This little light of mine . . . I’m gonna turn it off

In case you live under a rock or haven’t read news in ~2 weeks online, Facebook Beacon is an application which allowed third-party web sites to access your Facebook cookie and post messages to your activity feed regarding your purchases.

For example: “John bought Finding the Perfect Job at” – how would you like your boss seeing that one in your activity feed!

(Note: I don’t believe Amazon actually participated – it’s just an example. Jeff, please don’t sue me).

Well, the powers that be at Facebook have finally publicly apologized for the whole snafu.

In what is becoming a bit of a tradition, Zuckerberg addressed the angry multitudes directly in a blog post titled “Thoughts on Beacon“:

We’ve made a lot of mistakes building this feature, but we’ve made even more with how we’ve handled them. We simply did a bad job with this release, and I apologize for it. While I am disappointed with our mistakes, we appreciate all the feedback we have received from our users. I’d like to discuss what we have learned and how we have improved Beacon.

They also created, and Zuckerberg linked to, a single global setting enabling you to block beacon: Privacy Settings for External Websites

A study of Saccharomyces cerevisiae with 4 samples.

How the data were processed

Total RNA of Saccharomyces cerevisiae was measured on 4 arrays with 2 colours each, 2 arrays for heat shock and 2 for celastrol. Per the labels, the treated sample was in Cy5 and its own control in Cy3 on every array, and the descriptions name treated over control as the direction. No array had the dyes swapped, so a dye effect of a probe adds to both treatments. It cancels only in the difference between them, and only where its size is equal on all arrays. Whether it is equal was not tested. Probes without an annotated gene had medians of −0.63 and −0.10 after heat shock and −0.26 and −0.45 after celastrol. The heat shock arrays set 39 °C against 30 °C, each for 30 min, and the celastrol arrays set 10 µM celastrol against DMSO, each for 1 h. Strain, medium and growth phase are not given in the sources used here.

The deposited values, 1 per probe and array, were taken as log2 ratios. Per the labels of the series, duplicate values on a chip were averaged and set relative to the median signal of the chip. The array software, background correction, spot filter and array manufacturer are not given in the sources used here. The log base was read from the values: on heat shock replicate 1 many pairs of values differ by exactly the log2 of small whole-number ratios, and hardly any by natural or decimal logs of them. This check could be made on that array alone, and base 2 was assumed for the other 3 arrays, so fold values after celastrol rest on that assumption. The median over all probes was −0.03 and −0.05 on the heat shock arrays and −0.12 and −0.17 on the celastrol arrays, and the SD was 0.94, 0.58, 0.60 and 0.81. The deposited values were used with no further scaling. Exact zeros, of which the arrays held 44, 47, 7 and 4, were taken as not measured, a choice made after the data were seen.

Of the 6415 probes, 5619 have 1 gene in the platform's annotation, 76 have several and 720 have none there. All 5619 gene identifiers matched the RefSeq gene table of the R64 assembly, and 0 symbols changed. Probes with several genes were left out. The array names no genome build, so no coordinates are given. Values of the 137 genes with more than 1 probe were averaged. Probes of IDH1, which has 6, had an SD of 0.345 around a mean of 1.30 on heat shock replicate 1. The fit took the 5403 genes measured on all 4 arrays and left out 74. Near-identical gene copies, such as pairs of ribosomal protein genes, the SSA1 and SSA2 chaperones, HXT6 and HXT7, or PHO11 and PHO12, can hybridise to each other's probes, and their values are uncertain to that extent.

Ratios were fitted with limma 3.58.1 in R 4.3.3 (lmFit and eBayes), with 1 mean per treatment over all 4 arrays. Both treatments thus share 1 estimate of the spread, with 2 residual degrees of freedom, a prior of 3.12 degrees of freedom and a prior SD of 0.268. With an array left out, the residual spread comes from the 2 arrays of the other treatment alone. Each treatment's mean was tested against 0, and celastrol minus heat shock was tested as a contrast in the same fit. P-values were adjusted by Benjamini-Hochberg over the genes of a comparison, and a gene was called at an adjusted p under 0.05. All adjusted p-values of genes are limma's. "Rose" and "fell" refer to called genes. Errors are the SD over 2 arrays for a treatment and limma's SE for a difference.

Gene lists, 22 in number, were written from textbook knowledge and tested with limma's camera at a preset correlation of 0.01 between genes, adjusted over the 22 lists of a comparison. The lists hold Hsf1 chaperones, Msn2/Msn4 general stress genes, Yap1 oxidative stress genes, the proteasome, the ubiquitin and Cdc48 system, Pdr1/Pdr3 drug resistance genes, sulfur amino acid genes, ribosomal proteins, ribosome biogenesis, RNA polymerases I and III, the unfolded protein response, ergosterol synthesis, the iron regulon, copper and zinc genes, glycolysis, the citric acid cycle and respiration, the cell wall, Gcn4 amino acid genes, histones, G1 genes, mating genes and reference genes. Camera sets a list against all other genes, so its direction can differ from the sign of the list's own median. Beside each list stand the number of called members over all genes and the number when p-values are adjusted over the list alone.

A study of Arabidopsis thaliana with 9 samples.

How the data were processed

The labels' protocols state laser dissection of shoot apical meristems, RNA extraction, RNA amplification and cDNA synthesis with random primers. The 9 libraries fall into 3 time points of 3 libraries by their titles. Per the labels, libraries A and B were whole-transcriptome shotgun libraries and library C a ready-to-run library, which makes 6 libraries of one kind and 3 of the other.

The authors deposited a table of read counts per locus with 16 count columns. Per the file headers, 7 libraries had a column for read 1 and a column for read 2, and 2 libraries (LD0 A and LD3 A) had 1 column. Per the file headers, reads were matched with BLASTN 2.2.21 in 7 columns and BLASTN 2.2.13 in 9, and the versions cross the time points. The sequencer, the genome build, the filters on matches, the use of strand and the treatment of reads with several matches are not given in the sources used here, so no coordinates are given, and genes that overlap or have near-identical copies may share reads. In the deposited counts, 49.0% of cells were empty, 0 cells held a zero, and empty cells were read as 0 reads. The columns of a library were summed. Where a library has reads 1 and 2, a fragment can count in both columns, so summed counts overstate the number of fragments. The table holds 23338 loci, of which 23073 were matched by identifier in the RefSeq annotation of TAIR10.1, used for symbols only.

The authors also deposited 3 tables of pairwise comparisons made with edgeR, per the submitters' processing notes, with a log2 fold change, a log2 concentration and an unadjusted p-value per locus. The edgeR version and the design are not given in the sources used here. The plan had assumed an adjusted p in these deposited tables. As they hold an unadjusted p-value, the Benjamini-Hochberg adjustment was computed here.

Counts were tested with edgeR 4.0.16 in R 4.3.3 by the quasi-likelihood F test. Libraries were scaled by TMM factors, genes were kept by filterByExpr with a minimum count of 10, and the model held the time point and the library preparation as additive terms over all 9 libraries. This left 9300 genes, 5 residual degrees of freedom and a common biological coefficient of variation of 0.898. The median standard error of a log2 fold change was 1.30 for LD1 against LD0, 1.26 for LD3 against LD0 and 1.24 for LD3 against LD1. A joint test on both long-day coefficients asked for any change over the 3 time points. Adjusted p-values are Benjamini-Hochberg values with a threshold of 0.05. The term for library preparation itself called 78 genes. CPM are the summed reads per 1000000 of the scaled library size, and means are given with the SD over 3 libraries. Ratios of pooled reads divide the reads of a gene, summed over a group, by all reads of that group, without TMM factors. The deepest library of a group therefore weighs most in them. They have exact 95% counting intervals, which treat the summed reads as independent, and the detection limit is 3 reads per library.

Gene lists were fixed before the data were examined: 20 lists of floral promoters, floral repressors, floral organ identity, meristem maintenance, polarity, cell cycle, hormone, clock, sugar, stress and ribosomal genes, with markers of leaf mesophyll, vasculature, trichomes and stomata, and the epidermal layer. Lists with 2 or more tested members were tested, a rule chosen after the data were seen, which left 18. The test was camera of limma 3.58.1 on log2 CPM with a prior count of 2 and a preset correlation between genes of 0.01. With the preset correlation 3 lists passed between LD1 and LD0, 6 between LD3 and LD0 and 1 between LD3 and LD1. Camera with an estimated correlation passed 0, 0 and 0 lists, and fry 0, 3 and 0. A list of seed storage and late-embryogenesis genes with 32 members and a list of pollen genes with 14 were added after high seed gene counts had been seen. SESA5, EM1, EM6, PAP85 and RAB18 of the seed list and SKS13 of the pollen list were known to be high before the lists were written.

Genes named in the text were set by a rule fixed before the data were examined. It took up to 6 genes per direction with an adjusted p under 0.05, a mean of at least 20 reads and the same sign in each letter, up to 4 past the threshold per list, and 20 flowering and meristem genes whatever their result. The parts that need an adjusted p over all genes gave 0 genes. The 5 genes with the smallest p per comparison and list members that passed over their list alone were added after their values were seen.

Even this setting is a bit difficult to understand, though, since it appears to say that you will still recieve notifications on those third party sites that they are requesting to send stories to Facebook:

Show your friends what you like and what you’re up to outside of Facebook. When you take actions on the sites listed below, you can choose to have those actions sent to your profile.

Please note that these settings only affect notifications on Facebook. You will still be notified on affiliate websites when they send stories to Facebook. You will be able to decline individual stories at that time.

So when I check the box marked “Don’t allow any websites to send stories to my profile,” am I still going to have to decline individual stories?

One assumes not, but I guess they haven’t had time to change the interface the external providers use, so they will still make requests.